More Verlisify drama? Surely not!
If you were to ask participants – “What is your favourite aspect of VGC tournaments?” The overwhelming majority would answer “the community” or “the social aspect”. Pokémon, competitive or otherwise, has always been designed to bring people together; whether it be simply the person next to you, via a link cable/local wireless, or – in the modern day – people from across the globe, with different backgrounds, creeds and cultures. The Pokémon community as a whole has a great togetherness, a togetherness which is sadly being disrupted by recent ‘drama’ videos.
Since his arrival on YouTube, Verlisify has cut a somewhat controversial figure, gaining followers and attracting disdain on an even level. For the most part, his channel isn’t nearly as bad as people make out; his tutorial on breeding in Omega Ruby and Alpha Sapphire as well as other tutorials on in game mechanics are among the best you can find on the popular video sharing site.
However, this is not where Verlisify splits opinion. Recently, he has been calling out “cheaters” who participate in the official VGC circuit with “hacked” Pokémon; truth be told, Verlisify DOES raise some valid points and despite myself in no way condoning hacking Pokémon into your games, I do take some issue with his mentality and methods in voicing his opinions.
Verlisify’s videos on hacked Pokémon are – after all – just opinion. He disagrees with the use of hacked Pokémon, fair enough. The official VGC ruleset disagrees with the use of hacked Pokémon, fair enough. However, what Verlisify lacks is a basic understanding and acceptance into WHY people use exterior programmes/devices to hack Pokémon into their games. As much as this argument is ridiculed on his channel, some people simply do not have the time to sit through the process of IV breeding for perfect Pokémon; in the VGC 16 ruleset, the tediousness is heightened significantly by the need to soft reset for usable legendary Pokémon. For example, to legally obtain the Jolly 6IV Rayquaza I use on my current Pokémon Showdown VGC 16 team I have to first obtain a Jolly natured Pokémon with the synchronise ability and set it at the front of my party. I then have to go through the Zinnia battle and cut scenes to encounter Rayquaza in the first place. We then have to weaken Rayquaza and throw countless Pokéballs – unless you have your master ball saved up – until you manage to capture it. After all that, you then have to sit through more cut scenes and enter a battle with Deoxys before you can even check whether the Rayquaza you just caught is actually usable in the competitive circuit. This process takes time, time which anyone with a full time job, university commitments etc. would much rather be spending on practising or doing something else.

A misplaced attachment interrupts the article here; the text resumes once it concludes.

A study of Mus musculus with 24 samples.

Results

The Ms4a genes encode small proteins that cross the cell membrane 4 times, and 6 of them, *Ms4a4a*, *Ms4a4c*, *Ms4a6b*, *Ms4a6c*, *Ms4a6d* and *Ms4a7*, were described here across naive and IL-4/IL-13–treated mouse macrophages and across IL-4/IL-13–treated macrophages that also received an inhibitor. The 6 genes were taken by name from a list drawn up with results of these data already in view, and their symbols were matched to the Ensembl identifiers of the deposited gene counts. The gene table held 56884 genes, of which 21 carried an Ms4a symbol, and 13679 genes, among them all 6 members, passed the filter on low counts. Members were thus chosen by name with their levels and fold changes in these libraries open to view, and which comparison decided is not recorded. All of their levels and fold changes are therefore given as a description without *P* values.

As a competitive player, I have no issue with facing hacked Pokémon. A legal, hacked Pokémon, offers the user absolutely NO competitive advantage, simply saving the player hours of time. Whilst I don’t use genned Pokémon myself, and don’t encourage anyone to do so, I at least understand why players do. If Verlisify had come out, saying “hey, I don’t hack Pokémon, it’s against the rules, you shouldn’t do it, but I understand why you would” I’m sure nobody would have a real issue with his videos. But instead, he allows no space for alternate opinions and – after a civil interaction with Wolfe Glick – decided to begin throwing accusations whilst slyly beginning a witch hunt against a successful and respected VGC competitor.
I’m actually a little confused as to why Verlisify has decided to create content on this “issue” in the first place. After all, he hasn’t ever shown that he respects VGC’s official ruleset, indeed criticising the timer rule whilst attacking VGC commentator Scott Glaza for implementing the rule against him in a VGC tournament. Seriously, if you thought the Pokémon company was “corrupt” why would you be trying so ‘passionately’ to defend the rules they try to implement?
Another issue I find with Verlisify is the hypocrisy. There is proof on HIS OWN CHANNEL that he has used an exterior programme to make hatching shiny Pokémon quicker and easier through the use of the Programme “instacheck”.
To anyone capable of looking at this situation with an unbiased view, the reason for the recent Verlisify drama videos is apparent. He wants views. Simple as. He attacked Smogon to gain views, faced a backlash, played the victim card and even eventually apologised for the way in which he went about it. Fast forward to 2016 and he’s targeting the VGC community, creating unnecessary drama for easy views.
It’s genuinely disappointing. He produces decent content without the drama videos. His battle and “how to use (…)” content is a great watch for the more casual player, whilst his tutorials on breeding, Pokémon locations etc. can appeal to both casual and competitive players.
Use the large platform you have built to entertain instead of creating drama; maybe then the split reputation you have amongst Pokémon players and other YouTubers could change for the better.